Returning to work from maternity leave in SMEs
Managing people is a crucial activity that most entrepreneurs engage in on an everyday basis. Yet, entrepreneurship research has paid surprisingly little attention to the subject of employment relations. Maternity leave, in particular, and woman’s return to work have been largely overlooked. While most countries grant rights to protect pregnant women, too many small employers still consider maternity leave an annoyance. Consequently, to fit in with the norms and ideals of masculine cultures, women are often forced to conceal pregnancy symptoms, and later disguise the demands of infant care as they juggle the responsibilities of motherhood and work. Julia Rouse, Jamie Atkinson, and Andrew Rowe explore this subject in their recent International Small Business Journal article, entitled “Peering inside mutual adjustment: Rhythmanalysis of return to work from maternity leave.”
As Rouse explained, “It all started with my co-author Jamie Atkinson, who’s a lawyer, and he was interested in the regulation change that happened in the UK … the right to request part time working, or flexible working. He was really interested in how regulation change affected maternity management. So we started from a practical and policy problem and then ended up in quite a strongly conceptual place … by borrowing this conceptual framework [of rhythmanalysis] as a way of making sense of what we were finding in the interviews.”
Rouse expressed that “there is a little off the cuff idea that regulation is always a barrier for small firms, but I don't buy into that. I think regulation can be an enabler or a constrainer, depending on the context and the way in which the manager behaves. And so, if you look at something like maternity, which is socially important but is experienced by an individual firm, probably as an inconvenience, then you’ve got a very important role for regulation. But equally, regulation has to arbitrate between interests. And so it's a really interesting place to think about regulation.”
Despite the importance of the subject, it was challenging to get the paper published. As Rouse admitted, “one of the reviewers hated it and wanted to reject it immediately arguing that it was far too esoteric and technical and not of interest to small businesses … Again it’s that dismissing of these kinds of issues as non-business issues” that she considered the problem. However, Rouse also acknowledged that they are “using a conceptual framework that does require a bit of thought to engage with … we are asking the reader of quite a lot of attention, which they, perhaps, weren't willing to give. So I suppose it’s always about trying to balance … how much you can ask of the reader and we were lucky in that we had a couple of reviewers [who] really liked it and also the editor was keen that we progressed with it, so we had very positive engagement with reviewers – they gave us some very genuinely helpful feedback!”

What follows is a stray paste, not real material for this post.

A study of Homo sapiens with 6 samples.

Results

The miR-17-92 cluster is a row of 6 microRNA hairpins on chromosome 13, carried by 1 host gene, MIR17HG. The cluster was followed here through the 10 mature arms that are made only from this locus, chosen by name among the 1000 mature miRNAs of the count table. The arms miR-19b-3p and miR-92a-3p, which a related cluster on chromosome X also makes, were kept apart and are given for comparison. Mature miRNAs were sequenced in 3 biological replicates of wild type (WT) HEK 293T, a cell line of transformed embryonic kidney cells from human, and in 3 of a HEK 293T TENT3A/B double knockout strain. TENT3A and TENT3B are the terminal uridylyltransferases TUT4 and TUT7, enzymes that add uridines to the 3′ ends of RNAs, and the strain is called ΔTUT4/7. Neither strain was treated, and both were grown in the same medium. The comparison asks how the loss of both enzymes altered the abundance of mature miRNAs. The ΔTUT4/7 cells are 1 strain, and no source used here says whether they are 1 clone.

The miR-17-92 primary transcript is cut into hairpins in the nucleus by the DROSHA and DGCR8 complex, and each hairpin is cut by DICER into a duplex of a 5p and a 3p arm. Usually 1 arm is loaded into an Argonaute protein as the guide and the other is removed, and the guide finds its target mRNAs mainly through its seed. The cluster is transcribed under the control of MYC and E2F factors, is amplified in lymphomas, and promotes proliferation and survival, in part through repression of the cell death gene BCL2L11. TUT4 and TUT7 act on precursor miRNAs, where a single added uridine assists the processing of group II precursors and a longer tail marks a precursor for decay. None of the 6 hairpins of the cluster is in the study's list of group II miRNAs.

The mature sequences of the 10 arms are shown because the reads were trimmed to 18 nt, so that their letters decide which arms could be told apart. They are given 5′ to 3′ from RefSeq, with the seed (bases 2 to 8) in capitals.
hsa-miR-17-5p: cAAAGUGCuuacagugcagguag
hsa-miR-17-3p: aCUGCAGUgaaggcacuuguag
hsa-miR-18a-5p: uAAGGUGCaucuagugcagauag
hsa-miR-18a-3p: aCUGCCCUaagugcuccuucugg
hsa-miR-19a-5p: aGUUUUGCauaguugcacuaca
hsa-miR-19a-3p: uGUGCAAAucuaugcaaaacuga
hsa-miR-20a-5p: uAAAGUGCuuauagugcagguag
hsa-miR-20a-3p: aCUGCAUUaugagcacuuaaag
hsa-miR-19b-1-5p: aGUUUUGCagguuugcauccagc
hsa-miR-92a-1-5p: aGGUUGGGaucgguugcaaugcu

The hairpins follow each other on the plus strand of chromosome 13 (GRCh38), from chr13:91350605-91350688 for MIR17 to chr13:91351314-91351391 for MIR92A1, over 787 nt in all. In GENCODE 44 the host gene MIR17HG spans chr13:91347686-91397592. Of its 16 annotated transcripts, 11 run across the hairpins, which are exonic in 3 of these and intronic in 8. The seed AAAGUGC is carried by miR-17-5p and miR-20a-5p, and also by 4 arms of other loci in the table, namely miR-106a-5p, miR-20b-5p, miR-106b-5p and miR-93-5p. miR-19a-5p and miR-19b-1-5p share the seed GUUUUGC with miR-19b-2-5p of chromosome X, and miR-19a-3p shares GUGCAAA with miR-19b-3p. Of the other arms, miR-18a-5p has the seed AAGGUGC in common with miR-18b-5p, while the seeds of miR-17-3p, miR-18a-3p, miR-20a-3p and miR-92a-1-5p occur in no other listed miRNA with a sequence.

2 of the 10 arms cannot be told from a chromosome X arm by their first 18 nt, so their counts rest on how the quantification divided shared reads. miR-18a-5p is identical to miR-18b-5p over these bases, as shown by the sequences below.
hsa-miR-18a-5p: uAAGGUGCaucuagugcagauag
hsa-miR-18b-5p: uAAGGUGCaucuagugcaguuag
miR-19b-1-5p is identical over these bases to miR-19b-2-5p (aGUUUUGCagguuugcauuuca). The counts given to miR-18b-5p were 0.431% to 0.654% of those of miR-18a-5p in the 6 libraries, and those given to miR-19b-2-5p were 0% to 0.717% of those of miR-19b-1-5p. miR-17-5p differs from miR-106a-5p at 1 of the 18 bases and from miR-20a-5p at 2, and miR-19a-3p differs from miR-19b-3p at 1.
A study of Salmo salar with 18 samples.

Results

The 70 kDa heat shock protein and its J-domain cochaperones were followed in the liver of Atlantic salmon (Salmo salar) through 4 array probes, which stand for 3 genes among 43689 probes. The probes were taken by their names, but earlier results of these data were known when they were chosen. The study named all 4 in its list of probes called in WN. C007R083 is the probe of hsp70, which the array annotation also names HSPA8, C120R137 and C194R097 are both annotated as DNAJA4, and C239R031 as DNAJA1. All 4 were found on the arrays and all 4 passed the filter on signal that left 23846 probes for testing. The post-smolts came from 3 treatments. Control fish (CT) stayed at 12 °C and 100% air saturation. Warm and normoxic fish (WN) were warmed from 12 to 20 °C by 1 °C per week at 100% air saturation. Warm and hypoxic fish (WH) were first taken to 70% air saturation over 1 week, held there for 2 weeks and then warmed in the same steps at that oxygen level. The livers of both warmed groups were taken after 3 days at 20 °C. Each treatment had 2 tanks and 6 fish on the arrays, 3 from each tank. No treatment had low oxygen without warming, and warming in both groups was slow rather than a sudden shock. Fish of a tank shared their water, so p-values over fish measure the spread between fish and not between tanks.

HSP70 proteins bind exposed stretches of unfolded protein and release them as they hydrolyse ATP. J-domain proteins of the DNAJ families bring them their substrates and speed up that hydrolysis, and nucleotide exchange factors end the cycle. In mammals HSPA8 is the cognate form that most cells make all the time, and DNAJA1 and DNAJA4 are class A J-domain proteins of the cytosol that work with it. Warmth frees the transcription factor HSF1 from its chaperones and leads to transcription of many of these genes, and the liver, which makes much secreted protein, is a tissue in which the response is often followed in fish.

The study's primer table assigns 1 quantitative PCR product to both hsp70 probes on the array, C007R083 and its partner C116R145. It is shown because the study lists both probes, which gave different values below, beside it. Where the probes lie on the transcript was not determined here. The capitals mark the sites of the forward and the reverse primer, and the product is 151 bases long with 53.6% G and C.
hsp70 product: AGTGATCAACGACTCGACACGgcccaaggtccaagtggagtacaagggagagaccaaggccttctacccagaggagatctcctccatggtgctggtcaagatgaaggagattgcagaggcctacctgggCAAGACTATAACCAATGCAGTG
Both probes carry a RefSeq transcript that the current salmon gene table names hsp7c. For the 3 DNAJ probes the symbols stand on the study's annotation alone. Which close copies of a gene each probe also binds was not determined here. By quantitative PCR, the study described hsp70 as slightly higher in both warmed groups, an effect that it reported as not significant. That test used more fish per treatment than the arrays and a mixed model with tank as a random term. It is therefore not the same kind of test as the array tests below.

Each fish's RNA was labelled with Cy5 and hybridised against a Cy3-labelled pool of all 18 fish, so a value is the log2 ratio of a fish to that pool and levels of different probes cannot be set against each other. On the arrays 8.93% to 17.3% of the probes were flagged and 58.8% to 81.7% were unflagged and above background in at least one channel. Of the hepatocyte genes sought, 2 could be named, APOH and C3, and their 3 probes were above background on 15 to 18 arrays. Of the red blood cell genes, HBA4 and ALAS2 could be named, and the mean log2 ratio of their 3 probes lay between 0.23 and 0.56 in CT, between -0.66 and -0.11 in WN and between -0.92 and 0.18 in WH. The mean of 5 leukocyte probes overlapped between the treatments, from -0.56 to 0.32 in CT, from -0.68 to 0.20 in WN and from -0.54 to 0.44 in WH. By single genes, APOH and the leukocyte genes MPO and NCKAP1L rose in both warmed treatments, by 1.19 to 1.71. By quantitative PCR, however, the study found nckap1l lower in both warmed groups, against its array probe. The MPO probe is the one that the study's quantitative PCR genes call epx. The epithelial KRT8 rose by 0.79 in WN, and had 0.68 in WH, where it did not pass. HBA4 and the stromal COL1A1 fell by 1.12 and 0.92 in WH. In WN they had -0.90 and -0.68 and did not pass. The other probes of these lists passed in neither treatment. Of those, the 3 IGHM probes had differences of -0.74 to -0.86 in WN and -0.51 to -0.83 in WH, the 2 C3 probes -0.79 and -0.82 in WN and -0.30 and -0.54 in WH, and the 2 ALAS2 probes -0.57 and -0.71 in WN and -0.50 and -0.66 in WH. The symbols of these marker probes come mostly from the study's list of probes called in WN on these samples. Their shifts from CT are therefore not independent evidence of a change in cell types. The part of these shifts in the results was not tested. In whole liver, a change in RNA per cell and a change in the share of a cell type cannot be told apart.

As a result of the review process, Rouse believes that “I think we've come up with a framework that is very useful. Although it needs translating now, because it's far too complex to go out there to practice, … I genuinely think that we can … walk into organizations and say, “We could review your maternity process in relation to this” … So we're eager to try the idea of maternity coaching: the idea that a coach comes in and works with the manager and the employee and possibly the team to kind of raise with them intelligence.” Hopefully, their efforts will help women and their employers to better adjust to the process of maternity leave.